West Liang and Feodor Chin. Photo by Michael C. Palma.
I met Michael Golamco five years ago at the Asian American Theater Conference when we were on panel that had a faux-provocative title, "What Happened to Our Funny Bone?," a kind of thrown gauntlet that challenged us to prove that we were hilarious Asian Americans. I don't remember much more than that, but, if that panel were held today, I would turn to Michael and say, "I just saw your play, Cowboy Versus Samurai, and your funny bone is definitely intact"—before punching him in the face because I can't stand to be reminded that I have not cornered the market on Asian-American comedies.

Produced by Artists at Play and running until October 20, 2013, Cowboy Versus Samurai is a modern-day re-imagining of Edmond Rostand's Cyrano de Bergerac (or Steve Martin's Roxanne, depending on whom you ask). In Golamco's charming and unexpectedly moving comedy set in Wyoming, Korean-American high school teacher Travis writes love letters on behalf of Caucasian gym teacher/country bumpkin Del who's trying to woo new-to-town Korean-American Veronica, who happens to only date white guys. Cyrano's unsightly nose (and his obstacle to romance) is replaced here by that pesky little thing called race.

Julia Cho and Daniel Vincent Gordh. Photo by Michael C. Palma.
But what could easily veer into the kind of polemic that you might find in an Asian-American Studies 101 final exam essay actually doesn't because Golamco fleshes out his characters enough so that they feel like real individuals rather than APA archetypes and looks at things through the lens of humor rather than academic inquiry.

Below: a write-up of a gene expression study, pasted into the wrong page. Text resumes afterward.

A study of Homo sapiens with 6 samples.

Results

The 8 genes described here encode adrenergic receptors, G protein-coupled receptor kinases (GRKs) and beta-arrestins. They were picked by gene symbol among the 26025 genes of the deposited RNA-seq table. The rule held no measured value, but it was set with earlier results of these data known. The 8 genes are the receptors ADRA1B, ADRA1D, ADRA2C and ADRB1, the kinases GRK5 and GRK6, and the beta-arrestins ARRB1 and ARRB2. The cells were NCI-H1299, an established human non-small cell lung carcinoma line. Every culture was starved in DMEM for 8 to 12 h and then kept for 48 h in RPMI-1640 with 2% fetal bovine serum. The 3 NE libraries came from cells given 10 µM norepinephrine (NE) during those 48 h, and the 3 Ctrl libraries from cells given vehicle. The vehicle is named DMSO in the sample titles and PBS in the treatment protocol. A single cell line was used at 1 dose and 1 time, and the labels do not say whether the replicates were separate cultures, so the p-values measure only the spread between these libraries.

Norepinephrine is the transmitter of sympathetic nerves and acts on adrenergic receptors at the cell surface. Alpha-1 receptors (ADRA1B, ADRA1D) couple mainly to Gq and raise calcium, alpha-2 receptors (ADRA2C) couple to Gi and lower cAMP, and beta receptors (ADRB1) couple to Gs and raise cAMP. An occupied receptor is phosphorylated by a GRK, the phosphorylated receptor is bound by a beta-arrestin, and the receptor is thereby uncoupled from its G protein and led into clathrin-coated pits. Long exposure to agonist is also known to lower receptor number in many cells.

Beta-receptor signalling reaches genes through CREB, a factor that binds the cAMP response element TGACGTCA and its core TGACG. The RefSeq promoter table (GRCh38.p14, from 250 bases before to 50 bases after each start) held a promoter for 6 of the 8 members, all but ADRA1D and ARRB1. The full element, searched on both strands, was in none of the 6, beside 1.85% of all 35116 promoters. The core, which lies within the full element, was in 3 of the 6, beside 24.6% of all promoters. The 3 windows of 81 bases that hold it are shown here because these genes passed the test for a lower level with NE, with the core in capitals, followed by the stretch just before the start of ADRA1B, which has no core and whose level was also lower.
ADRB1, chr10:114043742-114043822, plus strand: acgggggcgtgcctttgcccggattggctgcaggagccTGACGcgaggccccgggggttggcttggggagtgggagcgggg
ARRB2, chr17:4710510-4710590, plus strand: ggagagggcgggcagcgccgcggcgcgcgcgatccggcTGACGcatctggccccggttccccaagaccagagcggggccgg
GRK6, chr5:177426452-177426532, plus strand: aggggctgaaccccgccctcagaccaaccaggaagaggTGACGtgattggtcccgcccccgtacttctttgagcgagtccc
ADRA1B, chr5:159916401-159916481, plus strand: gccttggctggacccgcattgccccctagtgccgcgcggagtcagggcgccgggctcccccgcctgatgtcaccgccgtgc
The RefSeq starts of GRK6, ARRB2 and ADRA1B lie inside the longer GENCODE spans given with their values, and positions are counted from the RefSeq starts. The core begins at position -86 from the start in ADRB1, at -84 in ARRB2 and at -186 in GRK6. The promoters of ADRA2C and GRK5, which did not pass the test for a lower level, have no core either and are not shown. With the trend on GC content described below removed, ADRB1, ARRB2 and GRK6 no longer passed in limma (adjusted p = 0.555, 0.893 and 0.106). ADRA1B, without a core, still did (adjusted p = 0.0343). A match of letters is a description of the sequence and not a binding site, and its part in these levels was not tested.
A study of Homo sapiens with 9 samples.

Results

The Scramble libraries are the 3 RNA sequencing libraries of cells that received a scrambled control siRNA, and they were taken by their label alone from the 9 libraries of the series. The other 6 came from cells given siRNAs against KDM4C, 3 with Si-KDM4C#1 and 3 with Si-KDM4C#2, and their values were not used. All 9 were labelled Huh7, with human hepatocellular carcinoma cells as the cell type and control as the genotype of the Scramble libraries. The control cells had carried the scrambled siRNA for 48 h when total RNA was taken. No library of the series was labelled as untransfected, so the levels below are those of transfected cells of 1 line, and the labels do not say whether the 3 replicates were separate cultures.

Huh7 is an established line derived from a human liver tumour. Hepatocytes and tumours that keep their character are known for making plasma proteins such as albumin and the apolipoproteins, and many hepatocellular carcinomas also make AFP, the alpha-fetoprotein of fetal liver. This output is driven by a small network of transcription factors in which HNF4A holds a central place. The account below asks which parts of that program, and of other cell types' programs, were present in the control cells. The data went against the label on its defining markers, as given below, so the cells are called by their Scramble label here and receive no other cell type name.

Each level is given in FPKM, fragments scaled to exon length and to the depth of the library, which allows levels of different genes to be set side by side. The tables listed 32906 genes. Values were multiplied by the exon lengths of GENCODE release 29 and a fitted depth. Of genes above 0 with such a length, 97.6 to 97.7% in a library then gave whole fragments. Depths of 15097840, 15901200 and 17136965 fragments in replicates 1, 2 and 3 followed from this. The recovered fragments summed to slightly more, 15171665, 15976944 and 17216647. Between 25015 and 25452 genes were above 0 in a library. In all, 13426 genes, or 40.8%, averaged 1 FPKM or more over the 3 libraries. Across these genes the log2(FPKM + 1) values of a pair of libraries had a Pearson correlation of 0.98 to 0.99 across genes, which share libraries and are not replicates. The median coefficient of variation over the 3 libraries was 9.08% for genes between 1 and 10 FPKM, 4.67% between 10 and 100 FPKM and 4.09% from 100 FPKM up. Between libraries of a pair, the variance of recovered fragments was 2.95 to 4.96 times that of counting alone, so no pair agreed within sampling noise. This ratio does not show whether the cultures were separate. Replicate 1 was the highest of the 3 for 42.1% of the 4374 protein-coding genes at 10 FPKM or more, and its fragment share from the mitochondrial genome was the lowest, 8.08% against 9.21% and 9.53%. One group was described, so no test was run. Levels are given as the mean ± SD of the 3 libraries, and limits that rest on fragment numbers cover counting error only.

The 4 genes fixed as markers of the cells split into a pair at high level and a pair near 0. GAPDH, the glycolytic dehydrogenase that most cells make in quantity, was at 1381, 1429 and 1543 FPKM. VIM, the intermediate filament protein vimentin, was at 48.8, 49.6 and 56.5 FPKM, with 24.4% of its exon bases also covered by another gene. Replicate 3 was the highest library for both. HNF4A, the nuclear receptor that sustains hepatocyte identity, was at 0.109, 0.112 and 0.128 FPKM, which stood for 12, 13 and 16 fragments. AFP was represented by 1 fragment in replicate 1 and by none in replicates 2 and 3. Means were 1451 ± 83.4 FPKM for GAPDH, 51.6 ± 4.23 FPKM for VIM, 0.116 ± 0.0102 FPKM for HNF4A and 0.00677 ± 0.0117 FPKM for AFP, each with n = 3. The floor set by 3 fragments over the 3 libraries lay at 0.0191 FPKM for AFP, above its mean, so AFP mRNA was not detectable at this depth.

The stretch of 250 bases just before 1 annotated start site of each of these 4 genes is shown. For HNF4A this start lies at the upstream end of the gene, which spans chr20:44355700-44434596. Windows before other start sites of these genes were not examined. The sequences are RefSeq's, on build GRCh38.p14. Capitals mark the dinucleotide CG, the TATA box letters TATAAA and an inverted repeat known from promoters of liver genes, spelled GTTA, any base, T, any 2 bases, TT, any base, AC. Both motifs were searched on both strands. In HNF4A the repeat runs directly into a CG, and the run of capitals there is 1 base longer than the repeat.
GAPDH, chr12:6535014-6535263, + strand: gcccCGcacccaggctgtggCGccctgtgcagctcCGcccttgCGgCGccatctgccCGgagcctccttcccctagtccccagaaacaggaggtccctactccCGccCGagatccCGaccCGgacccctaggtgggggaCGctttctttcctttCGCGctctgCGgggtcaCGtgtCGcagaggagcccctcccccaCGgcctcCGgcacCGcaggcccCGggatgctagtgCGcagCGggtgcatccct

All this is bolstered by a deft cast (Feodor Chin, Julia Cho, Daniel Vincent Gordh, and West Liang) and thoughtful direction by Peter J. Kuo, whose sound design elements (credited to Felix Lau) add layers to the text and make it uniquely theatrical.

This production of Cowboy Versus Samurai receives Bamboo Nation's first-ever Seal of Approval!


Buy tickets to Cowboy Versus Samurai here. (There may be super-secret discount tickets available here.)

* * *

But wait! That's not the only play I saw this past weekend!

Trieu Tran
Trieu Tran's solo show, Uncle Ho to Uncle Sam, is a harrowing Vietnamese refugee story playing at Center Theatre Group's Kirk Douglas Theatre in Culver City until October 6, 2013. The piece gets increasingly engrossing as it unfolds, piling on unbelievable (but true) tragedy after tragedy and ending in, we presume, triumph, by the very fact that Tran is standing on that stage—alive, resilient, transformed. More information about the show is here.

* * *

Karen Huie, Ruth Coughlin, Hiwa Bourne, Dian Kobayashi, Lovelle Liquigan, Patti Yasutake
Over in downtown Los Angeles until October 6, 2013, East West Players is giving Robert Harling's Steel Magnolias a thankfully refreshing Asian-American twist—refreshing because it pumps some life into a script that wears its fortune-cookie dialogue on its sleeve ("I would rather have thirty minutes of wonderful than a lifetime of nothing special," anyone? Anyone?) and emotionally manipulates you whether you like it or not. Yup, I cried. How could you not cry?! The cast acts up a storm, Southern accents and all, with a memorable Karen Huie elevating the text by putting on a thick Chinese accent—this is the kind of camp that the play has always desperately needed. (While I believe drag versions of Steel MagnoliasSteel Dragnolias, anyone? Anyone?—have existed, they've also been squashed.) More information about the show is here.